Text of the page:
Scheduling is at the heart of lean. Flow scheduling is, or should be, the reason why we do all those activities – cells, changeover reduction, 5S, policy deployment, standard work, visual management, and so on. Flow scheduling ‘brings home the bacon’ in terms of lead time competitiveness, cash flow, and quality.
Thousands of pages have been written about lean. But does flow scheduling enjoy top priority attention? Ask a senior operations manager these ‘obvious’ questions:
- What is a pull system?
- Is MRP push or pull?
- Is pull the same as make to order?
- What are the advantages of pull over push?
- Is kanban the best pull system?
- Limitations of kanban?
- What variables affect flow?
- Where are your bottlenecks?
- What is your possible bottleneck rate compared with your demand rate (and where does the ‘danger zone’ of queue instability begin?)
We would hope that an experienced lean manager would have the answers to these at his or her fingertips. Test this out and see…
The ‘answers’ – such as they are – are given below in the form of questions:
- What is the essential difference between a pull system and a push system in terms of when orders or work are released? Since work-in-process is directly related to lead time, what does a pull system achieve that a push system does not?
- Does an MRP system consider the status of work in process before orders are released?
- The same questions as above should be asked for the third question. Surely, yes, make-to-order is preferable in a lean system, but how is a surge of orders to be dealt with?
- Certainly cost, quality, delivery. But how is that achieved? Surfacing problems is a central idea in lean, so how does pull help make this possible? (There are a few reasons….)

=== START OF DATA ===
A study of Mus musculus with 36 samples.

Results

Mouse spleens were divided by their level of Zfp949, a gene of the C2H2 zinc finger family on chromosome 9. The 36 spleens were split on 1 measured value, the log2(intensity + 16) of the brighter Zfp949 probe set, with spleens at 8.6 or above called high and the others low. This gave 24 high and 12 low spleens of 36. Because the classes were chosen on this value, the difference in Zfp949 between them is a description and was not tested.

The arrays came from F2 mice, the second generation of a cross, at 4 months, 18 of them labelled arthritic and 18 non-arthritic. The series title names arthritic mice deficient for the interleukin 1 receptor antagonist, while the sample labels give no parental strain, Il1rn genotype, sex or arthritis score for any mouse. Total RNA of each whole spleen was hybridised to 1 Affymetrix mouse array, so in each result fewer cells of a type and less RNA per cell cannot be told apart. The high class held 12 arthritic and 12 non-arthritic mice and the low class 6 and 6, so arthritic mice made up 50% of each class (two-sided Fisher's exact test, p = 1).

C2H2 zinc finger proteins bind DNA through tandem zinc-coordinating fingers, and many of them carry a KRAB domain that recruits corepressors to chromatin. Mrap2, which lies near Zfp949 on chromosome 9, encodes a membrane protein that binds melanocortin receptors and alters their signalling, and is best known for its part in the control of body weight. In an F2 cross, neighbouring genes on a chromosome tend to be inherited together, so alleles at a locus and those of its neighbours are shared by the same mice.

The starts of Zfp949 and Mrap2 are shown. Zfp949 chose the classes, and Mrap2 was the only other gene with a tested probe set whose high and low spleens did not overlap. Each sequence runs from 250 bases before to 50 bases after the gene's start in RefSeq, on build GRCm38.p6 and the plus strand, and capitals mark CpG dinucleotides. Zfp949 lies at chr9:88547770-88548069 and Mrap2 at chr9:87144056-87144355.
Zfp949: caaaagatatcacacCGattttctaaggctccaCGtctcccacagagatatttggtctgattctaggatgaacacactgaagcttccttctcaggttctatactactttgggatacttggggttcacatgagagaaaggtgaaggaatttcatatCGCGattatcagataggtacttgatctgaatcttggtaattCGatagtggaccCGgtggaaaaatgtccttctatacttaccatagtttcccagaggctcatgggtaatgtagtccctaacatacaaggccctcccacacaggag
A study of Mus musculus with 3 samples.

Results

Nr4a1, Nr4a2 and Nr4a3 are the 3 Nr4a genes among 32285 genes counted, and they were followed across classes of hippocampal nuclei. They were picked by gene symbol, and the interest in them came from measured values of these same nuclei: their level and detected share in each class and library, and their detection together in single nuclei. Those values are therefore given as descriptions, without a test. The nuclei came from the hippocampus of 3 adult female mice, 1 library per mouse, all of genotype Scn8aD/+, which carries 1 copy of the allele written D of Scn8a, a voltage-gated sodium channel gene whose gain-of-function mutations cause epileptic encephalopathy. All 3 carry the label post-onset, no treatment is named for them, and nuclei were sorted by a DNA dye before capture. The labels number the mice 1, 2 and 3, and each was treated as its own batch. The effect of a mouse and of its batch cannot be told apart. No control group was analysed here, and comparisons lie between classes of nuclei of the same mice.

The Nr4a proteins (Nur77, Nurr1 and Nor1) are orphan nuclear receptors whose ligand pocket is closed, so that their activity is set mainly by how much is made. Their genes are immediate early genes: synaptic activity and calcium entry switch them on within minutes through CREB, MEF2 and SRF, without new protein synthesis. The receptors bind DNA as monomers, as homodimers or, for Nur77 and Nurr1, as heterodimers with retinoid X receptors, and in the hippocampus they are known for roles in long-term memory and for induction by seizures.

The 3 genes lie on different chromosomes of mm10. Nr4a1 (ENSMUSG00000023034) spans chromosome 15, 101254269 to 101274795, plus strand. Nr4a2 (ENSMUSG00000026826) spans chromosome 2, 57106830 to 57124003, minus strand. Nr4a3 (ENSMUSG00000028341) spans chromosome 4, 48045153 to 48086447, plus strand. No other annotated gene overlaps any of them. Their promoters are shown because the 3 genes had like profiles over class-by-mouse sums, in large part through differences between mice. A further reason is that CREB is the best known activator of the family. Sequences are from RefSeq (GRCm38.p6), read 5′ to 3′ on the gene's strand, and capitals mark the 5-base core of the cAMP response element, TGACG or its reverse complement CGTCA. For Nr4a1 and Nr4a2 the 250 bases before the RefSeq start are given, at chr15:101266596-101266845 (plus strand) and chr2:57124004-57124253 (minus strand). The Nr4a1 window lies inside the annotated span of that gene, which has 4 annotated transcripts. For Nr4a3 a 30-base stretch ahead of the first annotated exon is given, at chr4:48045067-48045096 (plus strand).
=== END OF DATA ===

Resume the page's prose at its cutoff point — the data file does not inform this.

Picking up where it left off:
- Kanban requires both look-ahead authorisation, and look-back at part availability. So what might cause throughput to go down, and what are possible causes of this? Is Drum-Buffer-Rope and CONWIP push or pull?
- Toyota has words that relate to the first two – Mura and Heijunka. Contrast a stable order regime with unstable demand. Which will work best in terms of lead time? (And who causes this instability? Customers or self?) Why spend so much time and effort on activities such as 5S, standard work, six sigma? (What is the real and common aim of these activities?) When you know that Heathrow has a runway utilisation in the high 90%’s what is your experience in delays? And utilisation is determined by a numerator and a denominator. Each can have a significant effect. By the way, is the statement ‘Lean is about freeing up capacity’ entirely correct – in terms of scheduling?
- Many organisations, perhaps as part of ‘leader standard work’, hold daily shop floor meetings. Where on the shop floor is that meeting held?
- Goldratt told a story about this in The Goal. Of course the answer depends on variation, but do you believe in 100% loading? See Heathrow comment above. Toyota has a word for this – it is called Muri.